Earlier this month, we asked you to put your trash on a diet. Well, we did the same thing; we didn’t want to be hypocrites or anything. We went through all the steps we gave you, and our recycling bin has never been so full. Our trash lost on average 7 pounds a week for the last three weeks.
Some of the tasks we excelled at, while others were sub par, but all in all, we believe we were successful. We were very effective at reusing paper. Working in an office, there are always misprints, which makes great scrap paper. Or in some cases, daily planning paper. We were also able to switch all of our bills to paperless, which saves us a little extra room in our recycling bin. Although, we didn’t completely switch to tap water, we did ditch the water bottles to make room for our water cooler. Which is definitely an improvement, helps prevent plastic bottles from overflowing our recycling bin.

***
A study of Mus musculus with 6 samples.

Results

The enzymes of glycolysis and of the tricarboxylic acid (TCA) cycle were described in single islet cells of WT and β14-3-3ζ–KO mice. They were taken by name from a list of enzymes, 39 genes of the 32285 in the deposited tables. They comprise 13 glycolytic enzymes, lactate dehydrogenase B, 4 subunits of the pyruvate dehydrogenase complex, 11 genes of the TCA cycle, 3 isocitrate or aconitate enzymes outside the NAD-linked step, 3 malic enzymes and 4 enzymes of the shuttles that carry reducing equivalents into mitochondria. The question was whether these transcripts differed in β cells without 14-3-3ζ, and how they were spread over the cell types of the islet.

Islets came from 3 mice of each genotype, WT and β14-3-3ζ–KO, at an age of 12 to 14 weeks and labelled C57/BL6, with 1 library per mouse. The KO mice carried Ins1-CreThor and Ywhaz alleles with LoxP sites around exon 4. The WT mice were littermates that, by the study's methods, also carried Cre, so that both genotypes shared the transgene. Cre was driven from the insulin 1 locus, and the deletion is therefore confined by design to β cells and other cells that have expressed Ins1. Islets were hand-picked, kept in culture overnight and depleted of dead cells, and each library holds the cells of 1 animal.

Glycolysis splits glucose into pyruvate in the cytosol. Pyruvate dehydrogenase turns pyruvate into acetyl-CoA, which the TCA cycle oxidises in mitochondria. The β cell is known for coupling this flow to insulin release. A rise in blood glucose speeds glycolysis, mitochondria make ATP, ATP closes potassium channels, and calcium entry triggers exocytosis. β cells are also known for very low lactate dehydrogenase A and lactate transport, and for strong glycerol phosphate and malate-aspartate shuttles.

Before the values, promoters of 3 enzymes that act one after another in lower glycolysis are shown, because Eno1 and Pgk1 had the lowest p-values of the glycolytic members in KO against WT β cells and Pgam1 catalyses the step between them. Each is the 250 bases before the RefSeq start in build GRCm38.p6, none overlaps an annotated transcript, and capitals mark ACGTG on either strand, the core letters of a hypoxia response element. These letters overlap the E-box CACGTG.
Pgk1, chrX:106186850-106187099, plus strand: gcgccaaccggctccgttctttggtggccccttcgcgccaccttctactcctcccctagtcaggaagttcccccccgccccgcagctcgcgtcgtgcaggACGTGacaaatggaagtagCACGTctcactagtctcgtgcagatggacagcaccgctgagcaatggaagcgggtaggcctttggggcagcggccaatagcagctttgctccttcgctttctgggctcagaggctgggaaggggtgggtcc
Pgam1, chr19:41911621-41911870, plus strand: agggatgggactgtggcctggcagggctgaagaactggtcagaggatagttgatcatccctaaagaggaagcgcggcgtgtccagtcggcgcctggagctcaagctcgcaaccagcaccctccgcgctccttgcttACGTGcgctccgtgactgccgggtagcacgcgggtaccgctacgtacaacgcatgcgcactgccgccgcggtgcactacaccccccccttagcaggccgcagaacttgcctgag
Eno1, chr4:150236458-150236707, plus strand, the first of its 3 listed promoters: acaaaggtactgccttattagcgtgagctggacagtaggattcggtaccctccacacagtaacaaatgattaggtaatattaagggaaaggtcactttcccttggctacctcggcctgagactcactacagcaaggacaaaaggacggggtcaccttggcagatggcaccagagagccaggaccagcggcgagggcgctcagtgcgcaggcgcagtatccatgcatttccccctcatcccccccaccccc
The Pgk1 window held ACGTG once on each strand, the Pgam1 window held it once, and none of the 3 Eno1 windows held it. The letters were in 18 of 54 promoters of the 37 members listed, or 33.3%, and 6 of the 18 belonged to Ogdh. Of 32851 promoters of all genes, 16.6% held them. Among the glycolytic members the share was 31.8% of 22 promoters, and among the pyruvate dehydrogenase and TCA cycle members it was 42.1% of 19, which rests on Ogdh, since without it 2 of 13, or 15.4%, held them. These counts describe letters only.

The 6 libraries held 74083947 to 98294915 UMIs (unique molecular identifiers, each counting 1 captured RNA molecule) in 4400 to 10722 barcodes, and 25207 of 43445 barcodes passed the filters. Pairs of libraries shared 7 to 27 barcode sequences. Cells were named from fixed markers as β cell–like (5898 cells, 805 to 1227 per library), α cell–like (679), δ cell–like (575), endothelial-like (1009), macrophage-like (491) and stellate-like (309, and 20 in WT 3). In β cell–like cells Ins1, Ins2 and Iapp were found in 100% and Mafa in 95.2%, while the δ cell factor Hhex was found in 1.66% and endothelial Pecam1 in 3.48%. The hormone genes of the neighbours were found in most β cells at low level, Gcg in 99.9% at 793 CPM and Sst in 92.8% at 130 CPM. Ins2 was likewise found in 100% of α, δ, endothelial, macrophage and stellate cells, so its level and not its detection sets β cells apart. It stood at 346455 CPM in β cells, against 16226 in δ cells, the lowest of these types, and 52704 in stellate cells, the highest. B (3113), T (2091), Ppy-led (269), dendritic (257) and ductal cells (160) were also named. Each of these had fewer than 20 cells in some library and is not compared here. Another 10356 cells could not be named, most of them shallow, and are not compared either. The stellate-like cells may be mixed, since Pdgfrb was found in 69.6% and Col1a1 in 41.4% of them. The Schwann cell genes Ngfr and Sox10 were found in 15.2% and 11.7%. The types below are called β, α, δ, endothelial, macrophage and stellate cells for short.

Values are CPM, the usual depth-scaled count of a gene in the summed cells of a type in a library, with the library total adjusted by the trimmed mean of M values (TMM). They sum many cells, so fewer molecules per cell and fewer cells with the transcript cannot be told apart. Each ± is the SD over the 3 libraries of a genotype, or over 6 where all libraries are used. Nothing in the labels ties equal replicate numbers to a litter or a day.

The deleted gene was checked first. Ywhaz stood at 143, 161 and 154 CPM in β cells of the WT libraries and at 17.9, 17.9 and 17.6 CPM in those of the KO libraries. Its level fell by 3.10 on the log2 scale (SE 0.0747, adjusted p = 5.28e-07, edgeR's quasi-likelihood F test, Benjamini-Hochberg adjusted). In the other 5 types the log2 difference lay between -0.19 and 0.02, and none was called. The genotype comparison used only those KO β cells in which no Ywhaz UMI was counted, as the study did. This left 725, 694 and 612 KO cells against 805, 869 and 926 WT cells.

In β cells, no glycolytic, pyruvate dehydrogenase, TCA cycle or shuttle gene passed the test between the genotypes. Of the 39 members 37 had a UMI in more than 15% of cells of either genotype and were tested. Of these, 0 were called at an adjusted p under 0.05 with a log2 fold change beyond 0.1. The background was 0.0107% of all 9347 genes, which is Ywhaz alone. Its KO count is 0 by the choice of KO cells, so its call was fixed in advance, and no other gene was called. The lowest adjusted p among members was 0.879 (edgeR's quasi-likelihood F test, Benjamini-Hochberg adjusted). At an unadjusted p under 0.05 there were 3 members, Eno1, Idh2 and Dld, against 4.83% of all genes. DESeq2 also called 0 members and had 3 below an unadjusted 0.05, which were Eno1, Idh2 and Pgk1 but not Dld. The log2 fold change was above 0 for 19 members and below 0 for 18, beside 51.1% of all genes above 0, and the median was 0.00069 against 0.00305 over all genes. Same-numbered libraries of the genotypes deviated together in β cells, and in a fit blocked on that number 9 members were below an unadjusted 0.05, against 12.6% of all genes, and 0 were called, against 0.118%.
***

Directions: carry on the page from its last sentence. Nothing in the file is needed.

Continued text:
Although we were successful at a few tasks, we are still a work in progress with some of the other tasks. We’re making an effort at discontinuing the use of plastic bags. We have even ordered our very own recycled tote bags to use in place of plastic bags.
We ran into a wall with a few things that are harder to partake in in an office. For instance it’s a little harder to create a garden out of scraps, or create a compost bin at an office. We saved these tasks for our trash at home. We may not have tackled all of our suggestions, but this is only a start, and we are without a doubt making progress.
Now that you know how we performed with putting our trash on a diet, we want to know how much weight your trash lost. We didn’t do perfect, but making any effort to reduce our waste and recycle is a major success. It is becoming more and more important to reduce, reuse, and recycle, which is the entire point of this challenge. If you were able to reduce your waste by even just one pound you are making a difference. So, tell us, did you put your trash on a diet for Earth Day 2014?